A Lot or a Little?
What you will—and won't—find in this book.
The author uses existence and life paths of supernatural beings as a metaphor for racial marginalization.
Don't hide your light under a bushel. Your vulnerability may be your strength, and your voice is your power. Have as much compassion for yourself as you do for other people.
Positive Role Models
Main characters are Black teen girls living in Portland, Oregon. Explores complexity of their identities and experiences in that community. They are deeply engaged in swimming, the Renaissance Faire, natural hair, and honors studies in high school. One of them, Tavia, is secretly a siren. Sirens are exclusively Black women and are regarded as dangerous, evil. This status underscores all the reasons she feels silenced. Subtle promotion of value of psychological counseling, as Tavia occasionally calls on self-regulation tools she learned in psychotherapy.
Violence & Scariness
A boyfriend murders his girlfriend. Peaceful protesters are roughed up by police with military gear. Characters use supernatural powers for revenge and self-defense, including turning other people to stone.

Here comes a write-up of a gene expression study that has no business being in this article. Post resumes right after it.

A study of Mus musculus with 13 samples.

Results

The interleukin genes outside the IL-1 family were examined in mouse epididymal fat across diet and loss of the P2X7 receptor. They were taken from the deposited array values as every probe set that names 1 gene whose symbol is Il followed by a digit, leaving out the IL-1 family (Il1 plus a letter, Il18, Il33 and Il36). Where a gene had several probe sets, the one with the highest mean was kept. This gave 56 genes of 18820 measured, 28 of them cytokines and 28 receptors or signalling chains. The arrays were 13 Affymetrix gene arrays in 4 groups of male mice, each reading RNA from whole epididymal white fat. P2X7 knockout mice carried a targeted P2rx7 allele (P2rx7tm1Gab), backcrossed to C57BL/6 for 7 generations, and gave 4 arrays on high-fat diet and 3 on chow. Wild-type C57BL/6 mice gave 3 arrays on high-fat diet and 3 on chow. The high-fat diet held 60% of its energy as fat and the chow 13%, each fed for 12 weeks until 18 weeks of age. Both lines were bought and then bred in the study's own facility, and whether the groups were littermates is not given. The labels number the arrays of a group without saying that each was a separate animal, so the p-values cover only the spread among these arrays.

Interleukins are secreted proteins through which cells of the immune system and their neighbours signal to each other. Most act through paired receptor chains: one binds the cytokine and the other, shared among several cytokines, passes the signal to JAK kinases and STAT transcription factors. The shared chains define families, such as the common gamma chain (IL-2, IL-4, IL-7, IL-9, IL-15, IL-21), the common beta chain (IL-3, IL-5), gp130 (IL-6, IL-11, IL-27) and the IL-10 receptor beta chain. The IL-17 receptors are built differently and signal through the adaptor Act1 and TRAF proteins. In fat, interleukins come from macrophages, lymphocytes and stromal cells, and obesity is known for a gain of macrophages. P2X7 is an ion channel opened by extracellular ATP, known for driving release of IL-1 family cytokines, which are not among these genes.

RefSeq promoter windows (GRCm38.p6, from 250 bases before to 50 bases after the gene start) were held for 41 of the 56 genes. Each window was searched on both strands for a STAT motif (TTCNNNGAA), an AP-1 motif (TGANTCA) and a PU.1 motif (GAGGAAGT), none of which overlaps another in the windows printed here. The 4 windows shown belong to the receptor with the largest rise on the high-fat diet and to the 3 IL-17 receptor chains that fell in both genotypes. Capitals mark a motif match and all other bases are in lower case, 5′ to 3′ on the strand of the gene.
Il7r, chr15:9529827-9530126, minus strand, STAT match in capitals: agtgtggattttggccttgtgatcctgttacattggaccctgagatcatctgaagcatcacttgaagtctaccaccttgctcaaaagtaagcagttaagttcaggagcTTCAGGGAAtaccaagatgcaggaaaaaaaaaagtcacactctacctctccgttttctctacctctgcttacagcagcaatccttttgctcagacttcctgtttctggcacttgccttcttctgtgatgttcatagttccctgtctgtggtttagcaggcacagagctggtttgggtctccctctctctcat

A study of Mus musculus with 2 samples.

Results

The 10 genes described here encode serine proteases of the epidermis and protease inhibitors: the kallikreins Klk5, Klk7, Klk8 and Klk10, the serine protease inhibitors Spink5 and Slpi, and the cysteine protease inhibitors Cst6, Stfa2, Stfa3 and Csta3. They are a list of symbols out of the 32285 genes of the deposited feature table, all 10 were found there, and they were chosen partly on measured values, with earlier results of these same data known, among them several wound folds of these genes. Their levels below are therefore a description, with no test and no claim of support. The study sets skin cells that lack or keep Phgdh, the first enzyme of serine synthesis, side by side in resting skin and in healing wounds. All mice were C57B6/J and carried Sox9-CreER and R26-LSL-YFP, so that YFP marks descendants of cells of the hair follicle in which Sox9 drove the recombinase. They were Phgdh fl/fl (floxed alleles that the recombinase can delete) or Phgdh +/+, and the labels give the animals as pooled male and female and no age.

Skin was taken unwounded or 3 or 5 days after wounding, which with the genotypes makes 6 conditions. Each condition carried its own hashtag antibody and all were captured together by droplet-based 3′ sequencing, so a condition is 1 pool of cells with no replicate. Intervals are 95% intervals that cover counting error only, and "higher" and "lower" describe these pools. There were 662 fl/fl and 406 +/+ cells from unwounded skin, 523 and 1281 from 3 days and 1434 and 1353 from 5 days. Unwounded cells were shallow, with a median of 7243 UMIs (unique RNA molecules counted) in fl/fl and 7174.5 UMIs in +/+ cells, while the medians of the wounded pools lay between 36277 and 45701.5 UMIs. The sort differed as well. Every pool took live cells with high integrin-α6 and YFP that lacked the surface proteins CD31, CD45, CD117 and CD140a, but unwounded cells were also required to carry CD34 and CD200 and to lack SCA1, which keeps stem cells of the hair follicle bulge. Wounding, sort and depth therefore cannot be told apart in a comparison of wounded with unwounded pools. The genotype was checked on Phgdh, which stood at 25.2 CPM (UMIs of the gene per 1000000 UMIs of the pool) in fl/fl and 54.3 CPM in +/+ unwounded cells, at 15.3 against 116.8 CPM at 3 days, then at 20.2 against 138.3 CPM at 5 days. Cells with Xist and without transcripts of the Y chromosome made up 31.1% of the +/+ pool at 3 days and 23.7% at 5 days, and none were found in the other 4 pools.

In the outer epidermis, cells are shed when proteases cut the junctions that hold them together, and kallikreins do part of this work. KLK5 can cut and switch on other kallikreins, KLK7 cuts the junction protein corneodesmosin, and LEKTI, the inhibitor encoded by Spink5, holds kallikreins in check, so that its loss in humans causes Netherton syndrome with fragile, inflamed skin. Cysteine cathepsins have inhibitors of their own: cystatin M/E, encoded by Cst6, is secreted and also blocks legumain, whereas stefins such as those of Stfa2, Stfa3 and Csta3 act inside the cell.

A couple of instances of romantic kissing and talk of crushes.
Being an influencer on YouTube is central to one of the main subplots.
Parents Need to Know
Parents need to know that Bethany C. Morrow's A Song Below Water is the story of two African American teen girls, Tavia and Effie, friends who live as sisters in Tavia's family home in Portland, Oregon. Each of them has suffered a trauma that haunts her. Tavia is secretly a siren, a type of supernatural being; sirens are exclusively Black women and girls, and they are considered dangerous and evil. A boyfriend murders his girlfriend. Peaceful protesters are roughed up by police with military gear. Characters use supernatural powers for revenge and self-defense, including turning other people to stone. There are a couple of instances of romantic kissing and talk of crushes. Being an influencer on YouTube is central to one of the main subplots.
Is It Any Good?
Though it starts a little slow, this clever fantasy goes deep and stays there. Tavia and Effie, the main characters of A Song Below Water, by Bethany C. Morrow (author of MEM and editor of Take the Mic), are such believable teens that it's easy to follow them from swimming in a pool at the community center to flying around town in the wings of a gargoyle. Literal Black girl magic illuminates how young women can discover and embrace their real-life superpowers.